As our Sun continues through the current solar maximum we should have plenty of opportunities to view one of the most sublime of all natural spectacles, the Aurora Borealis.
While traveling in Alaska and other northern regions there is always a possibility of a good showing. To make the most of the opportunity a little information cane be useful…
Solar activity waxes and wanes in an eleven year cycle. When active there are increased numbers of sunspots and solar flares. It is this activity that can have such a dramatic effect here on Earth. A strong solar flare can be accompanied by a release of enormous quantities of material from the Sun. Called a coronal mass ejection (CME) this material streams outwards from the Sun. If the Earth happens to be in the path this material will strike the Earth’s magnetic field, causing the field to distort and reverberate with the impact. Charged particles are channeled into the atmosphere along the magnetic field to create a glowing spectacle.
Our current solar maximum should run through 2013 and into 2014 providing excellent auroral viewing conditions for the next year or two.
The aurora is usually found in the far north, around the arctic circle. During geomagnetic storms the show can move south, in a strong storm this can be way south. During such a strong storm that raged through the first days of October 2012, aurora were seen in California, Maryland and Ohio.
Viewers in the western hemisphere have an advantage, as the Earth’s magnetic pole is not located at the geographic pole. Since the pole is offset to the west, located in northern Canada, the auroral circle also tilts to the west. This allows western hemisphere viewers at lower latitudes to enjoy the aurora more easily than viewers across the eastern hemisphere, including northern Europe and Russia.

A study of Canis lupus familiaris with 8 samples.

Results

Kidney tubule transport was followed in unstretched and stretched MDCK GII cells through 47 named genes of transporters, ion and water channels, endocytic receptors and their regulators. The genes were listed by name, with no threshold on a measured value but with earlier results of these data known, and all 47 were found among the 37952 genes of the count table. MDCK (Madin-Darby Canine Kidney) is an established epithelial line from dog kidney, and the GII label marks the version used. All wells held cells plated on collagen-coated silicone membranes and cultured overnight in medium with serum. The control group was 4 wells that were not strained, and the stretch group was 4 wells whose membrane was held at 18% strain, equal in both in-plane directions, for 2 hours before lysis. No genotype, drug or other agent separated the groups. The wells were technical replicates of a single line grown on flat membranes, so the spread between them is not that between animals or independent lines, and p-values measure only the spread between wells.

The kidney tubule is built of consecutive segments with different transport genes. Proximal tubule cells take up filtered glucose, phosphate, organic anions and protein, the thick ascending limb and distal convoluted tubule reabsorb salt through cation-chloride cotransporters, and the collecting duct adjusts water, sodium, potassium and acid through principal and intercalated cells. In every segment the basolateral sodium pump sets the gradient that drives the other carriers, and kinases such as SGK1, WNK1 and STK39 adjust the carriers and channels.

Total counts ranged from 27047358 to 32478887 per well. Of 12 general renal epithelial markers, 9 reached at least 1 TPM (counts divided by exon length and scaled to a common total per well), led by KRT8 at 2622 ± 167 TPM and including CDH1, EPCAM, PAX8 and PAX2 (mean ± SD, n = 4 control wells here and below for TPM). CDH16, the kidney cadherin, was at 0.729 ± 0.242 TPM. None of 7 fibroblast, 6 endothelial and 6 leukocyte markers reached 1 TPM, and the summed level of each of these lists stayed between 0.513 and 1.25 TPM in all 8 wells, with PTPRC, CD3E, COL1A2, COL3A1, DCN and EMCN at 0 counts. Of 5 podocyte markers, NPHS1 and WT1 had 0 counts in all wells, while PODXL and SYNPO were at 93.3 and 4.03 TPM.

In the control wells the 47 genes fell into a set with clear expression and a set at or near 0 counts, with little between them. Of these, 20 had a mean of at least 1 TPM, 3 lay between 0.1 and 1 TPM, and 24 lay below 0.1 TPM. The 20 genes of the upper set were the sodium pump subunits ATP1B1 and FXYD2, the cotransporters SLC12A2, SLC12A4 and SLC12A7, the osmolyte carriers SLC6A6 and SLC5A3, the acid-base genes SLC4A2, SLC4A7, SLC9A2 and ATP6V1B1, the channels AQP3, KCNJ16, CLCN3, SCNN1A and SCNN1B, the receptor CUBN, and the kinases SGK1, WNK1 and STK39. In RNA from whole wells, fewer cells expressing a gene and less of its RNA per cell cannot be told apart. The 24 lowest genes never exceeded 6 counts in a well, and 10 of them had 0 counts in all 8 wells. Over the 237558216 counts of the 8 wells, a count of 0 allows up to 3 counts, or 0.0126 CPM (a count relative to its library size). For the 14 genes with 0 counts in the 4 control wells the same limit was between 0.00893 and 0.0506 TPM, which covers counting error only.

There a several ways to get updates on current solar activity and the related activity in the Earth’s magnetic field. In this connected age you can get near real time warnings of CME’s and geomagnetic storms, you can know when to step outside and look up for the show.
The information is available on several good websites, my favorite is SpaceWeather.com for general information and reports of current activity. Down the left side of the main page you can find current data on solar activity, sunspots, recent flares and the corresponding level of activity in the Earth’s magnetic field. There are also photos and reports of current activity, including often stunning photography contributed by readers around the world. A menu at the top allows you to step back to past reports by date.
Another good site is the NOAA/NWS Space Weather Prediction Center. This site also provides current conditions gathered from a number if different sources, both ground and space based.
For immediate alerts there is a smart phone application from the NASA Heliophysics Division called 3D Sun. Available for both Android and iOS. This is my primary method of getting alerts to interesting solar conditions. The application can be set to receive push alerts that pop up, a quick reminder to look for aurora.
When looking at the reports there is a simple number that indicates current activity in our magnetic field. Called the K-index, this is an auroral strength measurement that ranges from zero to nine and is tied to a specific geographic location. Kp, the planetary K-index, is a averaged value from a number of stations giving a more general indication of auroral strength. A low Kp, zero to three indicates fairly calm conditions. It is when the Kp climbs above four that aurora watchers take note. The strong storm mentioned above, with aurora seen in the central United States featured a peak Kp of seven.
Armed with a little knowledge and a real time source for current conditions, you can be forewarned and ready to observe the aurora. This might mean the difference between catching the show, or accidentally sleeping through it.